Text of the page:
For example, In the code below, the last statement, x = foo(7), produces the GFortran error: Error: Rank mismatch in argument 'a' at (1) (1 and 0).

module m

  public :: foo

  contains

  function foo(a) result(b)
    integer, dimension(:)       :: a
    integer, dimension(size(a)) :: b
    b = a+1
  end function foo

end module m

program p

  use m

  integer, dimension(4) :: x
  integer, parameter, dimension(4) :: y = (/1,2,3,4/)

  x = 7
  x = foo(x)
  x = foo(y)
  x = foo(x + 7)
  x = foo(7)

end program p

This question should have asked about why an array assignment will promote a scalar value source to an array target; unlike an array function. I expect that's simply a convenient special case though. Any comments gratefully received in the begging caps below.


up vote 4 down vote accepted

If you want the function to handle scaler and array arguments, declare it as "elemental" and with scaler dummy arguments. Then it will be able to handle both scaler and array actual arguments, including scaler expressions. Will that meet your need?

The change:

  elemental function foo(a) result(b)
    integer, intent (in)      :: a
    integer :: b
    b = a+1
  end function foo

Perhaps they provided a way to do what you want, and one way was enough?

    
Yes of course. Most built-in functions are elemental aren't they. And an elemental function needs arity > 1 to so promote a scalar to an array. My question would have been better focusing on the assignment statement, which will promote an scalar. But that makes more sense: the assignment statement is special. I've been looking at too much APL lately... –  user2023370 Oct 18 '11 at 13:59

Procedure calling in Fortran with explicit interfaces (which you get automatically when using module procedures) requires a TKR (type, kind, rank) match. As an array is a different type than a scalar, not to mention the rank mismatch, this is not allowed.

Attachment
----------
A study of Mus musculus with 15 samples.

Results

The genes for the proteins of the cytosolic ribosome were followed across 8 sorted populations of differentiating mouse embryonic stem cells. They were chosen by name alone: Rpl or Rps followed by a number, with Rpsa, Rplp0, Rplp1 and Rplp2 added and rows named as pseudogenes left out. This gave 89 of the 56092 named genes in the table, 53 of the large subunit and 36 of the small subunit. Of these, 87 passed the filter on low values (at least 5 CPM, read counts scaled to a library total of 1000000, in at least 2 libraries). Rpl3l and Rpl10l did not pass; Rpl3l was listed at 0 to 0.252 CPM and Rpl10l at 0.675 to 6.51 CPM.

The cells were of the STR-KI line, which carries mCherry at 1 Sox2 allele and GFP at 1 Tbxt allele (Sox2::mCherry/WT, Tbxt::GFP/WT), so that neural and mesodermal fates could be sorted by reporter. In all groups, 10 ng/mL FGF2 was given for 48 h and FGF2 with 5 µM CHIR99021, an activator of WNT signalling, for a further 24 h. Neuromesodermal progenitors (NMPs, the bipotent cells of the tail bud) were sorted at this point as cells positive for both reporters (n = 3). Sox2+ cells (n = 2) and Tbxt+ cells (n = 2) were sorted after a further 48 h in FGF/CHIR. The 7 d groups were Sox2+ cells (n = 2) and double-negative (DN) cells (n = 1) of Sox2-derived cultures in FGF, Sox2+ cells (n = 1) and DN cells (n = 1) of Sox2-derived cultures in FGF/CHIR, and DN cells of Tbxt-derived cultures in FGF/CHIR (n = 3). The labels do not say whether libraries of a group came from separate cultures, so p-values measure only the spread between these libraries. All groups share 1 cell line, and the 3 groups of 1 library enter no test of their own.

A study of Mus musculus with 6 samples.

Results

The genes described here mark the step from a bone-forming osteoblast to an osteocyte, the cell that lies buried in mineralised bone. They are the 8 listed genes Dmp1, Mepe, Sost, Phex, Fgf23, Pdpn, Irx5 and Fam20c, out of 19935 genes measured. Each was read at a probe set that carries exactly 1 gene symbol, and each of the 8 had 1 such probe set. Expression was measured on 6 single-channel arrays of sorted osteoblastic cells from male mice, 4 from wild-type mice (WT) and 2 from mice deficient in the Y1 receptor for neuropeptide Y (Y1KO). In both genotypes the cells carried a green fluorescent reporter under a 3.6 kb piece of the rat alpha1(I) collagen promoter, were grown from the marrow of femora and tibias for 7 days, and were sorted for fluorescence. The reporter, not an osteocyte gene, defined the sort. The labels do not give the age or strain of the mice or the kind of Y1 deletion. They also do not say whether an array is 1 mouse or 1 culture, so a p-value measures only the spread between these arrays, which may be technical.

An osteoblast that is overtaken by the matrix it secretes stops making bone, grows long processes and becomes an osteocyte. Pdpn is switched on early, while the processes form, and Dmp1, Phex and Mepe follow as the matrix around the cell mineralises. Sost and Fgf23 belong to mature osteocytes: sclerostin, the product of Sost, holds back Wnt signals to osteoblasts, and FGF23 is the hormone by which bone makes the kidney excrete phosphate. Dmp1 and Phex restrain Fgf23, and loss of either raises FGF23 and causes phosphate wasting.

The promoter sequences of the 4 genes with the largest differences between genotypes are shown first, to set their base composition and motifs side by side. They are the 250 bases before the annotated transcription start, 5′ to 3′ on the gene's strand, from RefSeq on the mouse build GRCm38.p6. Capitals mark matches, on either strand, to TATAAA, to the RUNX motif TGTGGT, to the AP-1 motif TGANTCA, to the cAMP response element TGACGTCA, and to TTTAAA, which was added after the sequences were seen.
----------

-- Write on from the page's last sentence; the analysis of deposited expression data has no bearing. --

Is it because of ambiguity should the procedure be overloaded?

That would be a problem, yes.

Could an error message in that situation be an alternative approach?

Could pink unicorns exist? Maybe, but to the best of my knowledge they don't. IOW, the Fortran standard currently requires TKR matching, and thus a standard conforming compiler must enforce this requirement. If you want to change that, I recommend making a proposal to the standards committee.


I would think the answer to this is pretty clear. Let's slightly modify your example:

module m

  public :: foo

  contains

  function foo(a) result(b)
    integer, dimension(:)       :: a
    integer, dimension(size(a)) :: b
    b = a+1
    a(2) = -777     ! new line; modify one element
  end function foo

end module m

program p

  use m

  integer :: x
  integer, dimension(4) :: y 

  x = 7
  y = foo(x)  ! pass a scalar

end program p

what is x supposed to be after the call to foo?

Now, sure, you could have the semantics of argument passing change depending on whether or not it's an intent(in) variable, but that is not something which is going to clarify things for programmers.

If the function call is supposed to 'distribute' somehow over array elements, then as MSB points out, elemental is the way to go. Otherwise, one just makes sure one's arguments match one's parameters.